Tatiane Melchior Stefanello Hodson
Name: Tatiane Melchior Stefanello Hodson
What is your background?
I have a Oceanography degree from Universidade Federal do Rio Grande, Brazil and I am taking a MSc in International Public Policy at Queen Mary University of London. As a Professional Diving Instructor, I had the opportunity to live and dive for seven years in remote areas, such as Moyo and Lombok in Indonesia, the Red Sea in Egypt, fifteen different islands of the Caribbean, a large part of the Brazilian coast and the Mediterranean Sea. For twenty years I ran a travel operator business, specialized in adventure tours in South America, including exploration of the Amazon forest, so I had the chance to personally experience remote areas of Earth above and below water.
Since when and why are you interested in climate change?
I have studied the four areas of Oceanography: Geology, Physics, Chemistry and Biology, and the interactions between these areas, including Climatology studies. I finished my course almost two years before the Eco Rio 1992, when the political agenda was launched. I noticed how gradually, science became more and more political (and corrupt) over the past decades.
During my extensive travels, I have witnessed local ecological problems such as reefs destroyed by bombing in Indonesia, overfishing, pollution, deforestation, etc. But I have also seen the capacity of the environment to recover, even in a short period of time. The planet is thriving.
How did your views on climate change evolve?
When I heard ‘climate change’ being described as a big problem for the first time, I remember thinking: “What are they talking about? Change is the nature of climate!” It all sounded ridiculous and it never made sense to me, because it went against the sound science that I had learned at University. It’s common knowledge the planet is in a warming ‘era’, which is natural and advantageous to plant and animal life. None of these climate change catastrophic predictions ever struck me as being legitimate. They are based on climate models and have been clearly manipulated by scientists to fit into their theories about anthropogenic blame. CO2 a deadly and toxic atmospheric gas? A 1.5 degree ‘world average temperature’ increase being catastrophic? Pictures of polar bears hanging on for their life on small pieces of floating ice? I honestly got more and more upset hearing so many stupid lies and wrong assumptions told to the public over the last decades, and even worse, terrible public policies such as Net Zero being implemented because of these wrong assumptions. So I decided to do something about it.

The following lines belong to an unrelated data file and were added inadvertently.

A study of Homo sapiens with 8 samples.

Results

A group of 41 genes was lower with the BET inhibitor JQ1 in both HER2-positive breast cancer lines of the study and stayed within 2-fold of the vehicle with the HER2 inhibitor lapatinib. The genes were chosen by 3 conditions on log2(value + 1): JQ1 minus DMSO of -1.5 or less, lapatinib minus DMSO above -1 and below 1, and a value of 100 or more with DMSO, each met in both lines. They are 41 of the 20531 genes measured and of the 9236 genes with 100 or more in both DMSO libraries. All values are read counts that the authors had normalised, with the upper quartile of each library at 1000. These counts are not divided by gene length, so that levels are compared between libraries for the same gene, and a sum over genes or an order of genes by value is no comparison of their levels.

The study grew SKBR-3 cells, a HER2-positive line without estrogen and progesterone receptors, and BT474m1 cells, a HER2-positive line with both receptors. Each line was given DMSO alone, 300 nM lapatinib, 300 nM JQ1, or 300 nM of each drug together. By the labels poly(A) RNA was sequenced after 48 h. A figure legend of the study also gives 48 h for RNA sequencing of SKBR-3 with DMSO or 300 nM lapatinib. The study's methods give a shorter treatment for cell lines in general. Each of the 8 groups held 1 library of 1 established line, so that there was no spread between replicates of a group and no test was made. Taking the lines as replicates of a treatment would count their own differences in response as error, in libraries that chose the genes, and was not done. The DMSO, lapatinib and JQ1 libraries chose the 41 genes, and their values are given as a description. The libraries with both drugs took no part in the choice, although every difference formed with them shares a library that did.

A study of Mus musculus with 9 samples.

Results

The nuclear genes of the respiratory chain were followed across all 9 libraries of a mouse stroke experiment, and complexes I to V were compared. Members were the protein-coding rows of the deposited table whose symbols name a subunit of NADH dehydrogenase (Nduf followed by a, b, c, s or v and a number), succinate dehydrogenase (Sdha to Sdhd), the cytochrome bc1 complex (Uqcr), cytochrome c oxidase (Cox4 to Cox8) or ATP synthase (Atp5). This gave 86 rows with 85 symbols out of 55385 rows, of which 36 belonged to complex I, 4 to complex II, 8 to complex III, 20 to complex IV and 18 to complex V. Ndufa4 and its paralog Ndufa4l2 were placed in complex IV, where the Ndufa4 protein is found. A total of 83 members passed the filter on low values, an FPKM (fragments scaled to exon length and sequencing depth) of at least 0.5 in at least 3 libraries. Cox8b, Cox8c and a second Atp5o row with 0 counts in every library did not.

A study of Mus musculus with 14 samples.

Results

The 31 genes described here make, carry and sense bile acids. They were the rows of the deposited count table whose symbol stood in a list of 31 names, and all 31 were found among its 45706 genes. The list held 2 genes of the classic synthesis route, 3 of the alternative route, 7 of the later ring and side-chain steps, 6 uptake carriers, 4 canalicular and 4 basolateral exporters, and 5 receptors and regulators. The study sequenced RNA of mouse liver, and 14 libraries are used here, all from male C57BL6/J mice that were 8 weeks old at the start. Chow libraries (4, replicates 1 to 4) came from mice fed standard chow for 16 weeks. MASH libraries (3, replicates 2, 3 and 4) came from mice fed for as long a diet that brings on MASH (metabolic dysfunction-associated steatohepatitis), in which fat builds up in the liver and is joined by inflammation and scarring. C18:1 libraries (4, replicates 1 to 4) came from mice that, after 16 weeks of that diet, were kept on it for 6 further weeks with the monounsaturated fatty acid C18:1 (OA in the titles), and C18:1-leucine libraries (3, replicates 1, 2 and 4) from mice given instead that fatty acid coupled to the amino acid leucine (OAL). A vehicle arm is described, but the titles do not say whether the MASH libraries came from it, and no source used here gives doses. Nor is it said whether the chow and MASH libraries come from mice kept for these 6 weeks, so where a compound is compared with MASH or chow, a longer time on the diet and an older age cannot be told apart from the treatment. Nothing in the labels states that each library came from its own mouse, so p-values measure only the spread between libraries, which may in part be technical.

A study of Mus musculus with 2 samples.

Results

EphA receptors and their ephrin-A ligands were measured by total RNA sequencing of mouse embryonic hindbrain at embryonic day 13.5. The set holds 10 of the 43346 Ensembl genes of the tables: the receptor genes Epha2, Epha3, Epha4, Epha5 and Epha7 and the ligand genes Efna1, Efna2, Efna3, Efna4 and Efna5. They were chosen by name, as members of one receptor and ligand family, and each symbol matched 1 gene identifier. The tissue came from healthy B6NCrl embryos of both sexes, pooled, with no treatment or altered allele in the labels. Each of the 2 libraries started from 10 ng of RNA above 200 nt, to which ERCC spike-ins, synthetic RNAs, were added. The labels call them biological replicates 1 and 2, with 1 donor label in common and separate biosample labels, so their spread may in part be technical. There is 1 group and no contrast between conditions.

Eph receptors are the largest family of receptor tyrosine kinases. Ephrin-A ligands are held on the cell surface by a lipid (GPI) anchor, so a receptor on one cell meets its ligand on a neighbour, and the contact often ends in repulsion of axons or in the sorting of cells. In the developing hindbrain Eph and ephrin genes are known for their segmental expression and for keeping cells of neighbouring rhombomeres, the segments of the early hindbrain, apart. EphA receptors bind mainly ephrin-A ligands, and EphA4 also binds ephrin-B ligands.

Is climate change a big issue in your country and how do you notice this?
I was born in Brazil and now live in the UK. Most countries’ economies have been badly hit by the damaging climate change policies, that have increased the cost of energy exponentially, causing poverty, unemployment and I believe will make human societies recede decades in all areas. It’s particularly upsetting seeing children and young people worried that they won’t have a planet intact by the end of their lives. The level of brainwashing going on in the media nowadays is crazy.
What would climate policy ideally look like in your view?
Well, I am taking a Masters in International Public Policy right now, with the goal of working in governments and hopefully intervene with better policies. In my view, ideally, no country should comply to most treaties by UNEP/COP/ WEF. I believe firstly, we shouldn’t change from fossil fuels to renewable energy on a large scale. The current technology of solar and wind energy and electric cars, apart from being unreliable and mostly unrecyclable, also depends heavily on the mining of rare metals (for batteries and many other components). The mining and processing of these metals causes a huge amount of pollution and is not ‘green’ at all. Strangely, almost no one acknowledges this reality.
I believe we should continue using nuclear energy, hydroelectric energy where possible and fossil fuels, but increase investments to make fossil fuels less polluting, while perfecting other sources of energy that are truly ‘green and renewable’ in the next decades/centuries. There is no need to rush into a power-grid change that will cause more harm than good. Climate policy should also invest in the prevention of disasters, reducing the impacts of the natural ‘extreme’ weather events, preventing the local populations from suffering and the inevitable financial losses. Reducing the production of plastics is also very important, especially as most are not recycled and last for centuries polluting the environment. We could have more policies that demand single-use materials to be biodegradable. This technology exists but has never been a priority in public policies. Imagine the amount of masks and plastic PPE floating around rivers and oceans these last two years. I haven’t heard any complaints coming from the hypocrites of eco-activism.
What is your motivation to sign the Clintel World Climate Declaration?
I hope to contribute to raise awareness about climate change being used as a political weapon in our societies. I hope we can revert the misinformation and reinstate the scientific debate, without censorship and corruption as it happens presently.